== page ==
When three British journalists posted a copy of a long-suppressed government report critical of Nottingham's Social Services Department, the agency that owned the copyright found itself thrust into a virtual hall of mirrors -- mirrored Web sites, that is.
Posted on a British server on 3 June, the seven-year-old Joint Enquiry Team Report - which offers a damning portrait of late-1980s governmental hysteria about satanism and child abuse - became the target of government action almost immediately. Only hours after the report went up, the Nottinghamshire County Council obtained a court order forcing investigative reporters Nick Anning, David Hebditch, and Margaret Jervis to remove it from their server. The reason? The report is under the council's copyright. Putting it on the Web amounted to theft of intellectual property.
A harsh critique of the Social Services Department, the JET Report paints a portrait of an agency espousing "rigid preconceived ideas", exercising "dubious investigative techniques", and willing to "to believe anything, however bizarre".
The reporters who posted the report say it was suppressed as soon as it was written in 1990, "and the enquiry team members were forbidden to speak about their findings". Quashing it a second time, however, has not proven as simple.
In the seven years since the report was written, the Web has spiraled beyond the control of any single jurisdiction. In fact, the network has almost entirely negated the council's attempt to control the leak. By the time the document was removed from British sites, it had already zinged its way around the globe. Sites in Belgium, Canada, and the United States mirrored it in full almost as soon as it appeared. The county got an injunction requiring the journalists to remove links to foreign mirror sites, but erasing the foreign mirrors has proven more troublesome.
After dealing with British copies of the report, the council began trying to extend its arm around the globe. It threatened both Jeremy Freeman in Canada and Peter Junger in the United States with legal action unless they removed their mirrors. A poverty-stricken 21-year-old student, Freeman quickly complied, still trying to sidestep the prohibition by replacing the report with a link to Junger's mirror. Again, the council threatened Freeman with legal action, saying that the link itself constituted an infringement of their copyright.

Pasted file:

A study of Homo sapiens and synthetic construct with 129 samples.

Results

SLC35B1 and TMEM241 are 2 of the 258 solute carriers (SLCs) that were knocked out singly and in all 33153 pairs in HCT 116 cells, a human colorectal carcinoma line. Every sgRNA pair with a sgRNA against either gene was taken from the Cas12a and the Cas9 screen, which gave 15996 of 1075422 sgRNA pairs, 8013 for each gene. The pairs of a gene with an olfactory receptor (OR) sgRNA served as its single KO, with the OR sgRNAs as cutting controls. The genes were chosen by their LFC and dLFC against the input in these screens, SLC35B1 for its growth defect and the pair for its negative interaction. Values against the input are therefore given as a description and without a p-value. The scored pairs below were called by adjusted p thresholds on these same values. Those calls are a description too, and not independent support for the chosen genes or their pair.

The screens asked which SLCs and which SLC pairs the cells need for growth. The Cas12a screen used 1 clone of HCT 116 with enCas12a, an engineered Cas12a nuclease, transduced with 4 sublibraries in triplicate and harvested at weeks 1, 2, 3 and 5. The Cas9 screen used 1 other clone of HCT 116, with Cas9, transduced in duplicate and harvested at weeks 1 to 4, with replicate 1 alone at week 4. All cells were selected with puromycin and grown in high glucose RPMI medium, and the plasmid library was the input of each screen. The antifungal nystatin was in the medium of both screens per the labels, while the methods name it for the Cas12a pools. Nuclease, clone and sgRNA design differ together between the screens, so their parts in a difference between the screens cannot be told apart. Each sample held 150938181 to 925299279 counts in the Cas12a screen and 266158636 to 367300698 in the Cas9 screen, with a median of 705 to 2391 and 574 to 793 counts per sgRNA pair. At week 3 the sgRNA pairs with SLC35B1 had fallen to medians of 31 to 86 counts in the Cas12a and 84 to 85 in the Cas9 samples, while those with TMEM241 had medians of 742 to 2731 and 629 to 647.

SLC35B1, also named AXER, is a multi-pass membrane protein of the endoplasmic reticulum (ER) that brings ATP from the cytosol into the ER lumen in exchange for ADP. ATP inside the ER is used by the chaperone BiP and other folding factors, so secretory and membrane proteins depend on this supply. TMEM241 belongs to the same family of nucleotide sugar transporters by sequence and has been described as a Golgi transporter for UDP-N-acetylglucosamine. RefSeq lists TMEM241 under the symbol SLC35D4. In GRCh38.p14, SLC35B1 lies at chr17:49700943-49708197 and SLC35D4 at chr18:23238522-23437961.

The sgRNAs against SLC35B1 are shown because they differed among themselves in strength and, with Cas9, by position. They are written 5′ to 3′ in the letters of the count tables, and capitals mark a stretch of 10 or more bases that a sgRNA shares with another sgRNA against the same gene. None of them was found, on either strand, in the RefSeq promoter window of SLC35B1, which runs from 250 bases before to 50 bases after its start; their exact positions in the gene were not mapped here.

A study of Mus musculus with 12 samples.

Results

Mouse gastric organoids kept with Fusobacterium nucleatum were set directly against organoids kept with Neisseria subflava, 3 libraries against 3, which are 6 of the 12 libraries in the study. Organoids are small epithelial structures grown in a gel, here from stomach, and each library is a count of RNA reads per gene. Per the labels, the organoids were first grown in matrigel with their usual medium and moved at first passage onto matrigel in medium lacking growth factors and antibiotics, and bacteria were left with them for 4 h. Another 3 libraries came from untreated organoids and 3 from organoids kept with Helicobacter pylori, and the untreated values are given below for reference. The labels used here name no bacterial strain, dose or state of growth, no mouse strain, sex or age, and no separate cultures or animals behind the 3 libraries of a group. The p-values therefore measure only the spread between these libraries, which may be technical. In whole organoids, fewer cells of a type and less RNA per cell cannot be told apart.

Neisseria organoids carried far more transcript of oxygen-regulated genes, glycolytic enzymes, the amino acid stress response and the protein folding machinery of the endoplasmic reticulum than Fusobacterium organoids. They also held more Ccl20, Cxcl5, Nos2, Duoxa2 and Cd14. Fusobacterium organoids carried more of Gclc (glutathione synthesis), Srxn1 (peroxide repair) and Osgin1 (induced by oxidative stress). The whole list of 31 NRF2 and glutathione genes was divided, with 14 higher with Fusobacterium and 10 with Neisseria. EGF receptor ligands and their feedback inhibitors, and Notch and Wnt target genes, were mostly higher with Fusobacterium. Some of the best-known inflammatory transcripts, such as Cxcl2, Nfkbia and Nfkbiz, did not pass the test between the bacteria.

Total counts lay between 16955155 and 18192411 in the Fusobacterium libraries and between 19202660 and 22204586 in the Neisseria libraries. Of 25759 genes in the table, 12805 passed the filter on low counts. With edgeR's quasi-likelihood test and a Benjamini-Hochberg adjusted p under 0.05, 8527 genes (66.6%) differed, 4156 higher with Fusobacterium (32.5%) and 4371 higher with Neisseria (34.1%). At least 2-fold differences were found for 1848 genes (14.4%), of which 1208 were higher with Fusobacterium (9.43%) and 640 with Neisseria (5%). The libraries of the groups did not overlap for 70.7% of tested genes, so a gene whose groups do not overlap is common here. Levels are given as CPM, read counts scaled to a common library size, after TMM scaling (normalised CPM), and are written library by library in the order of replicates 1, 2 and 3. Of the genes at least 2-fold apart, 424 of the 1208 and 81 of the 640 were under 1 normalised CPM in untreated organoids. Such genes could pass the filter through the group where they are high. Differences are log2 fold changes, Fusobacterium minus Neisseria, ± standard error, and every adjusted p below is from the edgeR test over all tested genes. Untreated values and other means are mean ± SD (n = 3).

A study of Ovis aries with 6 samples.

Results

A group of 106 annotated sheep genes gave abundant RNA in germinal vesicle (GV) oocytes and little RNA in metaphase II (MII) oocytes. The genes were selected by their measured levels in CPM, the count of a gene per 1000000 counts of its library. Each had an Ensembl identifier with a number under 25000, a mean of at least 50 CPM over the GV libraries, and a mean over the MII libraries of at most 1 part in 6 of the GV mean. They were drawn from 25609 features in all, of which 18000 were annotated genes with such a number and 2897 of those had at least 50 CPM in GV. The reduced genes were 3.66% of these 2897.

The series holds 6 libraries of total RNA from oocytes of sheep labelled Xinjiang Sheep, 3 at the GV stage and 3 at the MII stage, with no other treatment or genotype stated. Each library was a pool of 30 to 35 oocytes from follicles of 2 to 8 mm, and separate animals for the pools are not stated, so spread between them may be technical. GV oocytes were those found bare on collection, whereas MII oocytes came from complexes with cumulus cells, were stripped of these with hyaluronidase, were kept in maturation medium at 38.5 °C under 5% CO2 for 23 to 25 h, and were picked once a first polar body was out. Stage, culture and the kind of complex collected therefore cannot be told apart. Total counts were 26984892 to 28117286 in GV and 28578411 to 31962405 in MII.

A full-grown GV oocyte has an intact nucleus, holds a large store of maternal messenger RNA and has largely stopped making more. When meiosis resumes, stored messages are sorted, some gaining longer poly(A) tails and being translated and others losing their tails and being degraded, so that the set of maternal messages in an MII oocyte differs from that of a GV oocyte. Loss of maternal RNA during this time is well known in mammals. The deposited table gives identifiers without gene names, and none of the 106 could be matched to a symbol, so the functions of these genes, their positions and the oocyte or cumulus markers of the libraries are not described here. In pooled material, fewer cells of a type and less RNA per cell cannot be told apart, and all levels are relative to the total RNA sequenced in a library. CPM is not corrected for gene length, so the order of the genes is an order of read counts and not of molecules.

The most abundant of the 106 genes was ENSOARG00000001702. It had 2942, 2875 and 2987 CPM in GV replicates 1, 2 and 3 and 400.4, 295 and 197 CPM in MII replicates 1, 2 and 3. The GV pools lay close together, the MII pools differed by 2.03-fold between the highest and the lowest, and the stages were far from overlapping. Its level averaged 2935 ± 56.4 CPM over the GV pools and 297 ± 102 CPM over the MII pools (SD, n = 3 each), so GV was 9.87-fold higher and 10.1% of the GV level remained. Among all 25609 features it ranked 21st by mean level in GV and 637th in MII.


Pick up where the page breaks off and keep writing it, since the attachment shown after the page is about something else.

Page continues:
Junger, Harvard Law '58, was not amused.
"They just bullied that kid", says the Ohio attorney, who received his own cease-and-desist order from Nottinghamshire on Wednesday. "Under international copyright conventions, they have no legal standing to force me or him to do anything. Especially when it comes to links."
The international legal wrangling over the report is only the latest evidence of the emerging tangle over links and the difficulty of controlling online content. In recent elections in Canada and France, mirror sites and links made laws prohibiting the publication of opinion polls in the final days before voting unenforceable. In Germany, a twenty-something politician is awaiting trial for linking to Radikal, an online publication that posted instructions on sabotaging trains.
But other experts aren't so convinced that the Nottinghamshire County Council would automatically fail. "Under international agreements such as the Berne Convention, there's no reason the council couldn't sue for copyright in the US or Canada", says international intellectual property attorney Howard Shire. "And as far as links, they could be considered contributory copyright infringement."
Junger, who believes publishing the document falls under the fair-use exception to copyright restrictions, also remains convinced that outside England, the Nottinghamshire County Council doesn't have a legal leg to stand on when it comes to linking.
"It's an area of the law that's almost completely untested", he said. "There's no telling what will happen if they attempt to enforce their copyright."